Facebook groups are awash with questions like “how do I grow my podcast?” or “how can I get more listeners?”. Tom Webster has talked about making your show more recommendable. Recently, Dave Jackson suggested more people ask “what are you already doing?”
This is good advice, and I agree with it. But it, and a lot of advice like it, misses one of the key problems that podcasters face. It isn’t that people are coming to their podcasts and leaving disinterested. It’s that they’re not coming at all.
So, instead of asking “how do I grow my podcast?”, what should we be asking?
“How do I grow my audience?”
This might sound like the same question, but your podcast and your audience are different things. Your audience is who you seek to serve, and your podcast is how you serve them.
You already know the advice for “growing your podcast”. Here’s a few of the greatest hits:
- Improve your intro
- Punch up your artwork
- Optimise your metadata for search engines
- Email your newsletter list
That last is one of the most-repeated recommendations on the web, but it doesn’t solve the problem.
The problem is that not enough people know about you. Not your podcast – you. They don’t know that you have work that would improve or enrich their lives. They’re not seeking you out online. They’re not finding the pockets of the Internet where you’re adding value. They’re not getting curious about where else you might be hiding. They’re not wondering how they can spend more time with you. Because of this, they’re not seeking out your podcast.
It’s a mindset shift
Firstly, I’m not suggesting the quality of your content, artwork, or metadata doesn’t matter. Those are still things you need to get right, and there’s no excuse for a bad show if the creator doesn’t care that it’s bad. But that’s a bridge you need to cross once you’ve crossed the first bridge, which is how you build an audience.
Michel Bachmann wrote on Medium that we should “start with who”. This was in opposition to Simon Sinek’s TED Talk that suggested we “start with why”.
Most podcast creators start with “what”, so they focus on how the podcast serves them, and not an audience. You see this in the kind of show where two friends share a drink and discuss the most recent Netflix release.
The question of “why” often comes around when burnout hits, or there’s a mismatch in expectation. For example, our Netflix fans ask “why are we doing this again?” when they’re 20 episodes in and they haven’t seen more than 20 downloads.
But if you start with “who”, your “why” and your “what” become interlinked.
Before you do anything else, start building an audience
If I were starting my blogging practice over again, I’d be clearer on who I was writing blog posts and recording episodes for. As it happens I did that work back in December and the website is starting to reflect it.
But despite GI Joe’s advice, knowing is not half the battle in our case… it’s a third at best. Armed with the “why” and the “who”, now you need to gather some email addresses.
A great way to do this is to start asking people what they want from a podcast in your common areas of interest. Let’s go back to our pair of Netflix commentators again. Their audience is… let’s say fans of true crime documentaries. These podcasters could setup a Google form with a bunch of questions about other podcasts:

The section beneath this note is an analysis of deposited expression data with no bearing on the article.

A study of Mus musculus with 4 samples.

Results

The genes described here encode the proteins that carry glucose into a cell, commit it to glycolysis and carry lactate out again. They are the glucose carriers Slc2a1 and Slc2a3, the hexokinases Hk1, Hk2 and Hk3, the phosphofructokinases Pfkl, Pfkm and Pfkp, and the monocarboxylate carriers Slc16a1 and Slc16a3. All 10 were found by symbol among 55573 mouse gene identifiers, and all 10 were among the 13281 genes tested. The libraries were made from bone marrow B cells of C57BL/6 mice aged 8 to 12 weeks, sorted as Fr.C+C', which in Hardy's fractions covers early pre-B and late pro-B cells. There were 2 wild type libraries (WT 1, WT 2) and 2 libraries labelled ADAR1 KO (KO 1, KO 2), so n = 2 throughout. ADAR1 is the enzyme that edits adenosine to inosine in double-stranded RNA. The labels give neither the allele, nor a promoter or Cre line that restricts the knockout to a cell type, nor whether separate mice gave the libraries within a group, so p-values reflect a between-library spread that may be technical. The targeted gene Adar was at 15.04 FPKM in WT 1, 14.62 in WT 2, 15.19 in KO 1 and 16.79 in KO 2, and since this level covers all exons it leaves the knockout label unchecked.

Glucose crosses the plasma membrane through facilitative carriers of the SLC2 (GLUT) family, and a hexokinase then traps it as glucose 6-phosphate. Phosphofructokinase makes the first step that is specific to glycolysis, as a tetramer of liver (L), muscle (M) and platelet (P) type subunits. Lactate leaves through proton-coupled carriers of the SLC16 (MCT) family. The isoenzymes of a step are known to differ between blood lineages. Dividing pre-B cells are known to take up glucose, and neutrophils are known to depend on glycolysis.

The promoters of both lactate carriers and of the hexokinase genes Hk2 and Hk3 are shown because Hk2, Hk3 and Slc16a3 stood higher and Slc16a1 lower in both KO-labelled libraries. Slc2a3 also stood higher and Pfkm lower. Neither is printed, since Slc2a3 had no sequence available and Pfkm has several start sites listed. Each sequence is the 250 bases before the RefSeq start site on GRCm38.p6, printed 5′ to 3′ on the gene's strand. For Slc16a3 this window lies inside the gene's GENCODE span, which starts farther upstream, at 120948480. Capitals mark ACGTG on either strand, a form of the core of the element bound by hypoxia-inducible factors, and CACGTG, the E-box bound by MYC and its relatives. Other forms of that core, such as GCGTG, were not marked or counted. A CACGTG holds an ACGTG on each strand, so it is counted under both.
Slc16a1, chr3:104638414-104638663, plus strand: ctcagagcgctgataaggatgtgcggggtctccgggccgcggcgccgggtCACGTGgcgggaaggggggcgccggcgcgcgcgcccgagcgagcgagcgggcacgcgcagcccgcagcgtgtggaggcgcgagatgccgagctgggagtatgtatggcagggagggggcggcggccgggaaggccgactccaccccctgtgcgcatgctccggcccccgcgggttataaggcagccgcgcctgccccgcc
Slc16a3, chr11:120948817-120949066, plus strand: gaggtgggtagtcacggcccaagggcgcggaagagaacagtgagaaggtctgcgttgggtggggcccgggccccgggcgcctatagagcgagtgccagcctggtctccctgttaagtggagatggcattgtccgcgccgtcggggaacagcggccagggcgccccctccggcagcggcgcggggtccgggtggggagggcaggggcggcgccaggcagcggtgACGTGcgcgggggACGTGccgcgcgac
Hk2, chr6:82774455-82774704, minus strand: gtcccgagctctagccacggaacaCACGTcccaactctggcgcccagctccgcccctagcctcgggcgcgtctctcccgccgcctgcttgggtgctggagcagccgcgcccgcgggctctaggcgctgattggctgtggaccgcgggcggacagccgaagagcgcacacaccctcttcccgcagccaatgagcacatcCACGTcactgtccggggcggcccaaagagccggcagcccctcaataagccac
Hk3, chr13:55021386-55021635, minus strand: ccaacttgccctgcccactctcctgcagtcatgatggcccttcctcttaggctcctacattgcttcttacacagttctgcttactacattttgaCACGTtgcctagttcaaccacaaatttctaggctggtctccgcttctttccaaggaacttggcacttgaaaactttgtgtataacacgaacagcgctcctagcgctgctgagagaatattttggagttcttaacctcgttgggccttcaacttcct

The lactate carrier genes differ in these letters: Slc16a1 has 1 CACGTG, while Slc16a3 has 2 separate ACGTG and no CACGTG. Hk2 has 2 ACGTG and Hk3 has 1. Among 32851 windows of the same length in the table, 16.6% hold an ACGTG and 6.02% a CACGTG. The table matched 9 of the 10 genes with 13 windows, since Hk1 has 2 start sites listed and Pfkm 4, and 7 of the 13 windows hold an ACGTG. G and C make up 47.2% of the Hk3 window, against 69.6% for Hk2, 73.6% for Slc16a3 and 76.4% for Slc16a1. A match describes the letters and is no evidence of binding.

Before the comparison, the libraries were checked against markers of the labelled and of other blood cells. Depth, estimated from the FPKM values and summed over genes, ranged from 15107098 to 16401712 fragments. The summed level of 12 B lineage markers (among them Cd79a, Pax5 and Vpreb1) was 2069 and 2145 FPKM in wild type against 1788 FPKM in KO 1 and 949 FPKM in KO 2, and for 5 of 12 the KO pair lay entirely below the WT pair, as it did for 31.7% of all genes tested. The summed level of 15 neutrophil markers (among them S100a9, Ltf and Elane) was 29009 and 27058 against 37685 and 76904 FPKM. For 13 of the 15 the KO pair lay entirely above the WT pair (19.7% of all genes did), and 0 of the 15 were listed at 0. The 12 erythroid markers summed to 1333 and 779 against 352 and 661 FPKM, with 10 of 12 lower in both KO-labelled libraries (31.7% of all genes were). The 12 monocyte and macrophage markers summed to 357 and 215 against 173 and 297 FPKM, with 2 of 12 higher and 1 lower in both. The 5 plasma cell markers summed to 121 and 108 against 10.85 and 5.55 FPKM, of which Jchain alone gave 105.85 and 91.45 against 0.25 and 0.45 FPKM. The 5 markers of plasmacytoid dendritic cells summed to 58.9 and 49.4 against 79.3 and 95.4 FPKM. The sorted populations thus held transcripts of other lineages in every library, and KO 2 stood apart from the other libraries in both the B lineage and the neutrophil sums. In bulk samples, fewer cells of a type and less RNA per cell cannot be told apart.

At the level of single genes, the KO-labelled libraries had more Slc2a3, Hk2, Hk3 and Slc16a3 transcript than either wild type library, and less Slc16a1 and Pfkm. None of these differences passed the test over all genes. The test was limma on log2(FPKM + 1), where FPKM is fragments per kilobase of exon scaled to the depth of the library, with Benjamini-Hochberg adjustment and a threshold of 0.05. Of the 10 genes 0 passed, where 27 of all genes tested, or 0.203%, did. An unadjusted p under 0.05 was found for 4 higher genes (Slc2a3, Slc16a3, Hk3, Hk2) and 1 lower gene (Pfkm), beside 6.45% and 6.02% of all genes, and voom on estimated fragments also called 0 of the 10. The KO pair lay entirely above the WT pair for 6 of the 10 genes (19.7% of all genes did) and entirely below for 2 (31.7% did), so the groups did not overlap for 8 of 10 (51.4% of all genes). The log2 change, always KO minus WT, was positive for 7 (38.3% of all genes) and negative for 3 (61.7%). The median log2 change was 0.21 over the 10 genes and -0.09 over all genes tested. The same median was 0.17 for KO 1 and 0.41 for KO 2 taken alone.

- “What kind of shows do you listen to?”
- “Do you subscribe to any TV recap podcasts?”
- “What’s your favourite Netflix doc no-one ever talks about?”
The form does two things: it helps you clarify your show, and along with a name and email field, it gives you permission to contact them when it’s ready.
So long, spontaneity!
This is definitely a longer process of brainstorming and – to some extent – focus-grouping. But taking the time to fit the show around the audience will give you a fighting chance at a long-running podcast.
My most successful and longest-running show took three months to prepare. I had the idea in May 2017, and we released our trailer in July. But it wouldn’t be for nearly a further month until episode one arrived. I spent lots of that time planning and researching the show – figuring out the “what” and the “why”. And although I was clear on the “who”, I hadn’t done the work to build a mailing list. It’s 2022 and we still don’t have one. But the show remains a cult hit, and listeners routinely ask when our next episode is due. We’re lucky.
What if you already have a podcast?
It’s not too late to think about your audience, but be prepared for your show to change. If you don’t want your show to change, then you’re making the show for yourself. That’s completely fine – it just means you don’t get to complain that your audience isn’t bigger.
I think it was Rob Fitzpatrick who said “bad news gets worse the longer you leave it”… or words to that effect. The longer you go without finding out what your audience wants, the more likely it is that your offering could use a tweak. Remember that in this context your audience is not your existing listeners, but the people whose ears, minds and hearts you want to make camp in.
They’re out there. Go find them
Now is a great time to go out and find your audience, or get super-clear on who they are. If you’re already in touch with your listeners, find out what unites them aside from your show. And if you’re just starting out, engage in some conversations. Once you have an audience, then you can start making a show to serve them, or take your existing show and be firmer in your resolve.
I’ve mentioned email as a way of getting hold of your audience, but there are other options:
- Messenger or WhatsApp groups
- Slack workspaces or Discord servers
- Facebook groups, subreddits, Twitter communities
The key is that these are spaces you own or administer in some way, where you can see a list of everyone who’s a member.